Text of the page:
The Rehnquist Court (1986–2005)


How did the Rehnquist Court rule with regard to civil rights laws and state sovereign immunity?

The Eleventh Amendment provides: “The Judicial power of the United States shall not be construed to extend to any suit in law or equity, commenced or prosecuted against one of the United States by Citizens of another State, or by Citizens or Subjects of any Foreign State.” This Amendment has been interpreted to mean that states often cannot be sued in federal court. This presents a problem when several civil rights/employment discrimination laws specifically provide that states can be sued.

The Rehnquist Court decided numerous cases dealing with this thorny constitutional problem. In Kimel v. Florida Board of Regents (2000), the Court ruled that Congress exceeded its constitutional powers under Section 5 of the Fourteenth Amendment when it eliminated states’s sovereign immunity. “Congress’s failure to uncover any significant pattern of unconstitutional discrimination here confirms that Congress had no reason to believe that broad prophylactic legislation was necessary in this field,” Justice Sandra Day O’Connor wrote for the Court. “In light of the indiscriminate scope of the Act’s substantive requirements, and the lack of evidence of widespread and unconstitutional age discrimination by the States, we hold that the ADEA [Age Discrimination in Employment Act] is not a valid exercise of Congress’s power under section 5 of the Fourteenth Amendment. The ADEA’s purported abrogation of the States’ sovereign immunity is accordingly invalid.” Similarly, in Board of Trustees of Univ. of Ala. v. Garrett, the Court ruled that Congress exceeded its authority in abrogating state immunity from suits by individuals under the Americans with Disabilities Act (ADA).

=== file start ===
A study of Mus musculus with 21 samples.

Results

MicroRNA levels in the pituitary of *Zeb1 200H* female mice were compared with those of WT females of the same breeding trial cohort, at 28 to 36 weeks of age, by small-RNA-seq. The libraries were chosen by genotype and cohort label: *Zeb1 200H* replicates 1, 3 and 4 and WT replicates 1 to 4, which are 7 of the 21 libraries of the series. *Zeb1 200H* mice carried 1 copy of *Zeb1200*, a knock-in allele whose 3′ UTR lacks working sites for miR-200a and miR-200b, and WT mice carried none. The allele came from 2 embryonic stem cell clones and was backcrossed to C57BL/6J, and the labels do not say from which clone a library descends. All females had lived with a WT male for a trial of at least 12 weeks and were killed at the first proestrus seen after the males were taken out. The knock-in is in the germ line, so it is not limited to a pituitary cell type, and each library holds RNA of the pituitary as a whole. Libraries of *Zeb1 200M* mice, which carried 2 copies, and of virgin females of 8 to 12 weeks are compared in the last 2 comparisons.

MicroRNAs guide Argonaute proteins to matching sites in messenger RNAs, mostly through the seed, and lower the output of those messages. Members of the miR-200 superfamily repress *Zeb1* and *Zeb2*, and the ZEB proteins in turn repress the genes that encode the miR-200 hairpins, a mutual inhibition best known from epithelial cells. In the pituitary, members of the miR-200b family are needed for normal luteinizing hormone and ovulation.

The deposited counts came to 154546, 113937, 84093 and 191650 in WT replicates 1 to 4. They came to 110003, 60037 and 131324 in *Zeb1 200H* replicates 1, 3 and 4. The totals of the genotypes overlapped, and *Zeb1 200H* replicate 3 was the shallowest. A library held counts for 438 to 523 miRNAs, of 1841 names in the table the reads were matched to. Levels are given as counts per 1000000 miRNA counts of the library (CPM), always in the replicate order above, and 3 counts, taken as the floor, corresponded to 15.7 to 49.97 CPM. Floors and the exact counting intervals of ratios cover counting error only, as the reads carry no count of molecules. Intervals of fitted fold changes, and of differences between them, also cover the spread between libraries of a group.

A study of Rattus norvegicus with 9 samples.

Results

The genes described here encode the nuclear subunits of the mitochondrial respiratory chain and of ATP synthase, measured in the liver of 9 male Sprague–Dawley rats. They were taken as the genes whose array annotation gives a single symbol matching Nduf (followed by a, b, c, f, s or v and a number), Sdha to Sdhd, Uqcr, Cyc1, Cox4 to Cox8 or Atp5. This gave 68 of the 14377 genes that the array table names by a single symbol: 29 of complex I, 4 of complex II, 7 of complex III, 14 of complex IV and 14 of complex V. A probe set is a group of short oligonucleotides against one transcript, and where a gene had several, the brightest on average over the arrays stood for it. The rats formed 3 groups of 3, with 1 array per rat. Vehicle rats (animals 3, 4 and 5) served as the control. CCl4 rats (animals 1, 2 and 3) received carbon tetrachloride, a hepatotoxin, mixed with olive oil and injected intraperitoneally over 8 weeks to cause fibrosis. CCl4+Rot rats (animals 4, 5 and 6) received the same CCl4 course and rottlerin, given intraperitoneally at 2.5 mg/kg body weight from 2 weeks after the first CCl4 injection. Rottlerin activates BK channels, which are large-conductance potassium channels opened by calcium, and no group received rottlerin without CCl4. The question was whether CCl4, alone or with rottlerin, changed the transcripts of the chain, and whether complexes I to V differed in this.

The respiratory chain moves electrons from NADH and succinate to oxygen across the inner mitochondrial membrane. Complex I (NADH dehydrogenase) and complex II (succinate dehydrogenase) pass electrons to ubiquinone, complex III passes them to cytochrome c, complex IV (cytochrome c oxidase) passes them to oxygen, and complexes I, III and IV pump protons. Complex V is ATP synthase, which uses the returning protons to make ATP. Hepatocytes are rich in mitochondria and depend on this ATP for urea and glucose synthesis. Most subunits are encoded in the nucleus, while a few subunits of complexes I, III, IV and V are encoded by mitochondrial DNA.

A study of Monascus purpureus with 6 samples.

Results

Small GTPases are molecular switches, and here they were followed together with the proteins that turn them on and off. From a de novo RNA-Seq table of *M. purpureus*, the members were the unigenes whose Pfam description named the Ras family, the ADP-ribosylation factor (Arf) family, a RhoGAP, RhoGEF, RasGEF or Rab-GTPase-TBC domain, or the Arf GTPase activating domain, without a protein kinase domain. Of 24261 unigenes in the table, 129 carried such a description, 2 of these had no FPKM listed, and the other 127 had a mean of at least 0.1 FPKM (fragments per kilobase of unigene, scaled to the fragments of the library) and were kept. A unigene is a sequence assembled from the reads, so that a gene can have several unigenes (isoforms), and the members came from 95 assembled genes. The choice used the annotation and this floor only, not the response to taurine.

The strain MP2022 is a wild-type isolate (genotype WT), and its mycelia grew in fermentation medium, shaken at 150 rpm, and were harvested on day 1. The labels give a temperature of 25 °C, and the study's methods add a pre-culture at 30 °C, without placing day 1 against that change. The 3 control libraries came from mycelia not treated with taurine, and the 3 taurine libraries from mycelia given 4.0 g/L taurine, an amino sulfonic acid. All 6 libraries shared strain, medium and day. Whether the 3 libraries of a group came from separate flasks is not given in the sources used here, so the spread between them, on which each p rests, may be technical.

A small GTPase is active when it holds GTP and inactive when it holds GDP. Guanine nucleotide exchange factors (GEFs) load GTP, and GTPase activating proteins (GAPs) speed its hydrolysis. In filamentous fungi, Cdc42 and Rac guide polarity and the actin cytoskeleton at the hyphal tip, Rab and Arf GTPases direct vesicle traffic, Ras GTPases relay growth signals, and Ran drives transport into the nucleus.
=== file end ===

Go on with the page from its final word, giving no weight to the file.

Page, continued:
However, the Court changed course in a case involving the Family and Medical Leave Act (FMLA) of 1993. In Nevada Department of Human Resources v. Hibbs (2003), the Court held 6–3 that state workers may sue their employers for failure to comply with the 1993 FMLA. The decision departed from the Kimel and Garrett line of cases that immunized states from employees suing under a series of federal laws.

Chief Justice William Rehnquist distinguished Garrett and Kimel because those cases involved age- and disability-based distinctions, which the court reviews under a less intense standard. “Here, however, Congress directed its attention to state gender discrimination, which triggers a heightened level of scrutiny,” Rehnquist wrote.